To most Americans, the orange-fronted parakeets shown here look not like parakeets but parrots, for gringos tend to think of parakeets as the tiny little birds that are caged and sold for pets north of the border. These common North American bird pets are indeed parakeets, usually of the budgerigar species. However, parakeets as a group actually include a number of different species of parrots, which share a few characteristics, primarily small to medium size and long tail feathers. Among them are these orange-fronted parakeets (the name derives from the orange band between the eyes).
These medium-sized, primarily green birds are raucously noisy, gregarious, and very social, hanging out in both pairs and flocks that can number up to 100. They tend to cluster in a tree, yak for a while, maybe eat seeds, flowers, or whatever fruit is available on the tree, and then take off, flying at high speed to their next stop. A large flock of them can do serious damage to a banana or corn crop or other cultivated foodstuffs. They often operate in pairs, squabbling up close and personal, feeding and grooming their partners, and generally behaving in the appropriate manner of a comfortably married couple. These pictures were done in a hurry because the birds often stop in the trees by our house, but they never seem to stay put for long. As is evident in the photos, and in our observations of them, they like to be on top, up high in the trees, with a view of the territory.
Orange-fronted parakeets (Aratinga canicularis) can be found in the foothills and lowlands along the western coast of Mexico south to Costa Rica, and establish populations in almost every environment available, from forest edge to swamp to cow pasture. They even seem to thrive in urban zones.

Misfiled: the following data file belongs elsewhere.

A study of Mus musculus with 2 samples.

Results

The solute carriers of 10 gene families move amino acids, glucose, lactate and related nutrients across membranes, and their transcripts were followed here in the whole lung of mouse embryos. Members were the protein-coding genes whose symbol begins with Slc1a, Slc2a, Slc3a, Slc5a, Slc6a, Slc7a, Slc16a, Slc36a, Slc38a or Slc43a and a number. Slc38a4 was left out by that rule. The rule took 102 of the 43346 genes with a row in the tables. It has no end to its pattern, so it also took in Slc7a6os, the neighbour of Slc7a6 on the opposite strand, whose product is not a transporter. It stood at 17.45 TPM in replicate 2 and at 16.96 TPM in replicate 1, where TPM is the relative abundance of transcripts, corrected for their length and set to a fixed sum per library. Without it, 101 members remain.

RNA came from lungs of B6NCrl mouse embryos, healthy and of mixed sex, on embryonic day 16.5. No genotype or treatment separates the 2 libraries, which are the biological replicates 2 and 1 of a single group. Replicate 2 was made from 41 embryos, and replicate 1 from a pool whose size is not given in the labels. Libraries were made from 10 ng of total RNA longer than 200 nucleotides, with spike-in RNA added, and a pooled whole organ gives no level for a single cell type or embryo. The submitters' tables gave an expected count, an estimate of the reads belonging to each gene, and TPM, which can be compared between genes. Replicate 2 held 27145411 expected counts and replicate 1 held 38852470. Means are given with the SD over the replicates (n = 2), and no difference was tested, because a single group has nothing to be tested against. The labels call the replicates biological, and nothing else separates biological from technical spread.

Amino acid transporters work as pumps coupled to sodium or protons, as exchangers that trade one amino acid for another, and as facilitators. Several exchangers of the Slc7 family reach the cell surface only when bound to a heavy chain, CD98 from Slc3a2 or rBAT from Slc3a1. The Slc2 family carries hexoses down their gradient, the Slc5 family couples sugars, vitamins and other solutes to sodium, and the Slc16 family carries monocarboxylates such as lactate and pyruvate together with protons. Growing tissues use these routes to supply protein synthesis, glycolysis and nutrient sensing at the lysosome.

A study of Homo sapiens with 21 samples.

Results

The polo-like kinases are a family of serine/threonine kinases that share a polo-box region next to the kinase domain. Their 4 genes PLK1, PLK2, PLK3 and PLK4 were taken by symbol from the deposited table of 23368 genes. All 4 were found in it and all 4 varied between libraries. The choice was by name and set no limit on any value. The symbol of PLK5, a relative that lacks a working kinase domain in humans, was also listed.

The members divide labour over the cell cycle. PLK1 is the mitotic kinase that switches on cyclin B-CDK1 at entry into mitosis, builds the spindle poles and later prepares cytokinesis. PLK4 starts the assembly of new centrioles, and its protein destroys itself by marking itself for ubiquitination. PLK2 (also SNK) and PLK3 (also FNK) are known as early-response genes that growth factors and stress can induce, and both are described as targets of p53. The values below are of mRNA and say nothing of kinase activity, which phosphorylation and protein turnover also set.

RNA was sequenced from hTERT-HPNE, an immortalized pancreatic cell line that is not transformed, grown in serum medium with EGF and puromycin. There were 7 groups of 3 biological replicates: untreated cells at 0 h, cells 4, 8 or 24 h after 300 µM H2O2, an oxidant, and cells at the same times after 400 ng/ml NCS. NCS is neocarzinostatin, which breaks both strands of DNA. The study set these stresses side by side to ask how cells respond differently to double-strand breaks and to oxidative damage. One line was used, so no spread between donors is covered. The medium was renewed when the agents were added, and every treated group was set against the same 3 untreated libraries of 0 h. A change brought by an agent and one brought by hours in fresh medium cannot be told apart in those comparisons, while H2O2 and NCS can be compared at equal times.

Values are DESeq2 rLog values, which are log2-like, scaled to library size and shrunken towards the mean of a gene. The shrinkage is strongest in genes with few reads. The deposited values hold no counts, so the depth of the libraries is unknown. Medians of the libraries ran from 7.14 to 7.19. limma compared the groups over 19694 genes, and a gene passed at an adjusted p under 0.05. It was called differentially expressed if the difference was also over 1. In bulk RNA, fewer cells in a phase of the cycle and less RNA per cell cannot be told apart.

When you drive through San Ignacio, en route to and from Puerto Vallarta to Sayulita, you will often see guys selling caged birds at the side of the road. While there are a few varieties occasionally evident, most of the caged birds sold appear to be orange-fronted parakeets. Crammed into those little cages, they are not squawking raucously or facing from tree to tree, in evidently joyous flight. They are staring out, wondering how and why they got put in jail, and they do not look happy.
I know there is a tradition of keeping these birds for pets around here. And I know I am anthropomorphically projecting when I say the caged birds look unhappy. But I don’t think I’m wrong, and I sure do prefer the sight and sound of them as they race through the air and gather in the trees in my neighborhood, happily squawking away. As William Blake put it back in 1789, “How can the bird that is born for joy/Sit in a cage and sing?”
Thanks again to Michele Gillett for help with bird ID.